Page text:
Brexit has had a disastrous effect on British hospitality with the end of freedom of movement closing opportunities for young chefs, Michel Roux has said.
The legendary chef said even his Michelin-starred Gavroche restaurant was struggling to recruit staff following Brexit, while young British talent was being denied the chance to learn their trade abroad.
The Frenchman’s father, Albert, and uncle Michel, opened Le Gavroche, which became the first three-Michelin-starred restaurant in Britain, and The Waterside Inn in Berkshire, which was the first restaurant outside France to hold three stars for 25 years.
Roux, 63, told the Guardian: “When you talk about what my father and uncle achieved, and what happened after that, in the 1990s, it’s hard to avoid the B-word – Brexit – when you look at the situation today.”
Since the pandemic he had been unable to restart a lunch service even at Le Gavroche, primarily due to a lack of staff, he said. Many went back to their home countries during Covid and have not returned.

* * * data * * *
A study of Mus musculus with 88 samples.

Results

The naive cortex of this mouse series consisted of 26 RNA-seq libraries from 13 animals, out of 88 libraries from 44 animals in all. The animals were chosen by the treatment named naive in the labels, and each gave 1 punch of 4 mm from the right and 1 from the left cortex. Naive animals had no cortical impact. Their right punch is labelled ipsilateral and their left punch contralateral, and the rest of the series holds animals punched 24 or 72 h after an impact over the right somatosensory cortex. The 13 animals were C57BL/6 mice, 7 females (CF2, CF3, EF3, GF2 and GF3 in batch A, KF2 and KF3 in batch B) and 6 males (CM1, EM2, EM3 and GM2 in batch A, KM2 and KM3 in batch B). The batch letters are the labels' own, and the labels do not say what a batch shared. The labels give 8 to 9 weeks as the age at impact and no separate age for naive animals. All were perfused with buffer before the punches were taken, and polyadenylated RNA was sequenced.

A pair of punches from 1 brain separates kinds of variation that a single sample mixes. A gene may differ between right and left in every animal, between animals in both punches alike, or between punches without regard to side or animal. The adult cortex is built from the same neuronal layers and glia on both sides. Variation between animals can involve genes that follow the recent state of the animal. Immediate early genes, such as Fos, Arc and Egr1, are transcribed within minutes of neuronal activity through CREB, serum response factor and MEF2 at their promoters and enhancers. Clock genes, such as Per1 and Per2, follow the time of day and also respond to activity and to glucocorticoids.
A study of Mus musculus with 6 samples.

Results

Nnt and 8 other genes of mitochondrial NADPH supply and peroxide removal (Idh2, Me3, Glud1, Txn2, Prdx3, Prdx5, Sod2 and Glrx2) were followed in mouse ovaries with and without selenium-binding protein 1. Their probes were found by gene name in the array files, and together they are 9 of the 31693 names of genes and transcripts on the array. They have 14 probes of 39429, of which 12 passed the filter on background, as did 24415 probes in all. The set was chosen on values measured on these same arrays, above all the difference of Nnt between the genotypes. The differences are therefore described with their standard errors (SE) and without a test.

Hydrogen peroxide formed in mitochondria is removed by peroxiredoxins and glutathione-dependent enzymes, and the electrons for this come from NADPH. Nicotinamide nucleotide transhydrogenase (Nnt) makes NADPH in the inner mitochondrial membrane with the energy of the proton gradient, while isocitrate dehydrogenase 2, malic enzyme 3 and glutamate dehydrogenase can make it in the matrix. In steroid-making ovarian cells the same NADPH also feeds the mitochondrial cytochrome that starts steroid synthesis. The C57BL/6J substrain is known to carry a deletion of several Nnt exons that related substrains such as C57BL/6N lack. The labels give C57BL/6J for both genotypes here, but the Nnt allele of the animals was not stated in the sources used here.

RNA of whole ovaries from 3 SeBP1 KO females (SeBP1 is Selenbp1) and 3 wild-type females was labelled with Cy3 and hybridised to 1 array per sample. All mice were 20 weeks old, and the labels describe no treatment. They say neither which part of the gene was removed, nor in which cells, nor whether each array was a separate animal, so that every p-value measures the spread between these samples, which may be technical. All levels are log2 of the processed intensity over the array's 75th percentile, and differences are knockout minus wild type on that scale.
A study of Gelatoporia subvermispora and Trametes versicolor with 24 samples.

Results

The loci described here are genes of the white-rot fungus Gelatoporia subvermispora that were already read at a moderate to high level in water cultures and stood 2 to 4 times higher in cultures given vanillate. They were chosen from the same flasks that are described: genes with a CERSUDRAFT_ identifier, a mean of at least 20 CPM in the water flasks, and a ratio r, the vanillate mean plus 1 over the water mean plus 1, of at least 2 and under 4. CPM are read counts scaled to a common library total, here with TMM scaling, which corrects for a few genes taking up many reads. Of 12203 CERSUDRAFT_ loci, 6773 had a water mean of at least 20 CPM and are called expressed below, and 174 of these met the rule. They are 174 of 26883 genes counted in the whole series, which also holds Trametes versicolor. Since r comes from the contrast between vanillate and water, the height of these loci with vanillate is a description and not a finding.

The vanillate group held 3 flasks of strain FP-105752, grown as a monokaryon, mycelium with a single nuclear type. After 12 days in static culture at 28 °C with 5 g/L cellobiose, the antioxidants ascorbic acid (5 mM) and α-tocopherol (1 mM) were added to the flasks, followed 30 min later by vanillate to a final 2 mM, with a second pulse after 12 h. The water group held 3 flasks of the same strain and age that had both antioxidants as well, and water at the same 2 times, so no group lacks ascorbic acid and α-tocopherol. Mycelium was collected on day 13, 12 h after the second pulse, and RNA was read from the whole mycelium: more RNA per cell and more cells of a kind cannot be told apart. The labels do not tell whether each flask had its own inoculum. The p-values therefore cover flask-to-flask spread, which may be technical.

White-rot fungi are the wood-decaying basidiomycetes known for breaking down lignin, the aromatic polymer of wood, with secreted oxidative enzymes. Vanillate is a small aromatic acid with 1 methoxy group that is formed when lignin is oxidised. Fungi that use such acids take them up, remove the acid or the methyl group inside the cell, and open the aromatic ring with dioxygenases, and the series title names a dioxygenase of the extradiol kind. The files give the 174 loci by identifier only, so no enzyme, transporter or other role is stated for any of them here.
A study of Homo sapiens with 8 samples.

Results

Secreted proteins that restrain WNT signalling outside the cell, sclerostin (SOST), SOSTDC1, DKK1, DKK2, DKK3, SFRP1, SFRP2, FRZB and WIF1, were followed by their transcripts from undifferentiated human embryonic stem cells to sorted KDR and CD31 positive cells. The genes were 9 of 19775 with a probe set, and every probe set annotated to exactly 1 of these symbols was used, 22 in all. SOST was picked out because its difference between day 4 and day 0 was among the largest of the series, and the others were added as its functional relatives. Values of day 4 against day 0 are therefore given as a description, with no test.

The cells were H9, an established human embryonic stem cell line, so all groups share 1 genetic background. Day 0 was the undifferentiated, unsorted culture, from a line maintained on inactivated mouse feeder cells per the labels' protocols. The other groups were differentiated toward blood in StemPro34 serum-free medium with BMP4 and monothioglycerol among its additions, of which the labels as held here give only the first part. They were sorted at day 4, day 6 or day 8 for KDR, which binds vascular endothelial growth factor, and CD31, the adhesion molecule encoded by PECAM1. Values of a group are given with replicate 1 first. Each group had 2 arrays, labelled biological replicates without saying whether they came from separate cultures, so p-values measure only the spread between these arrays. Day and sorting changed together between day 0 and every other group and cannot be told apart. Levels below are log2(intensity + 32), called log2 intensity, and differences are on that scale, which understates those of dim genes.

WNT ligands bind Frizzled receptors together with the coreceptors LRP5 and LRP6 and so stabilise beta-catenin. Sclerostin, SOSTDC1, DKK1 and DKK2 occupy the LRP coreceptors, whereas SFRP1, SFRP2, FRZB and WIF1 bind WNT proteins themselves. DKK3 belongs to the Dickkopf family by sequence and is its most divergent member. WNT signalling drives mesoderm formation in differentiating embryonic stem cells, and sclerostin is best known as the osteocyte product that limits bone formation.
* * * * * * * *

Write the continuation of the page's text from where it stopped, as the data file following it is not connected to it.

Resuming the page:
He said: “We’re seeing more young Brits coming through the ranks, front of house, which is great, and if they are good they climb the ladder incredibly quickly.”
But he added it was now much more difficult for young British chefs and waiters to get experience working in France and Italy – as the likes of Gordon Ramsay did – along with staff moving in the opposite direction.
“We now have to get a work permit for individuals – that costs about £5,000 before you start,” he said. “That’s bonkers.
“I know for a fact that if freedom of movement was reinstated tomorrow, I could fill the 15 vacancies I need to reopen for lunch, probably within a week. But what really upsets me is that a whole generation of British talent can no longer go to Europe and knock on a door and pick up a job, like just about all the Michelin-starred chefs in the UK did at one time.”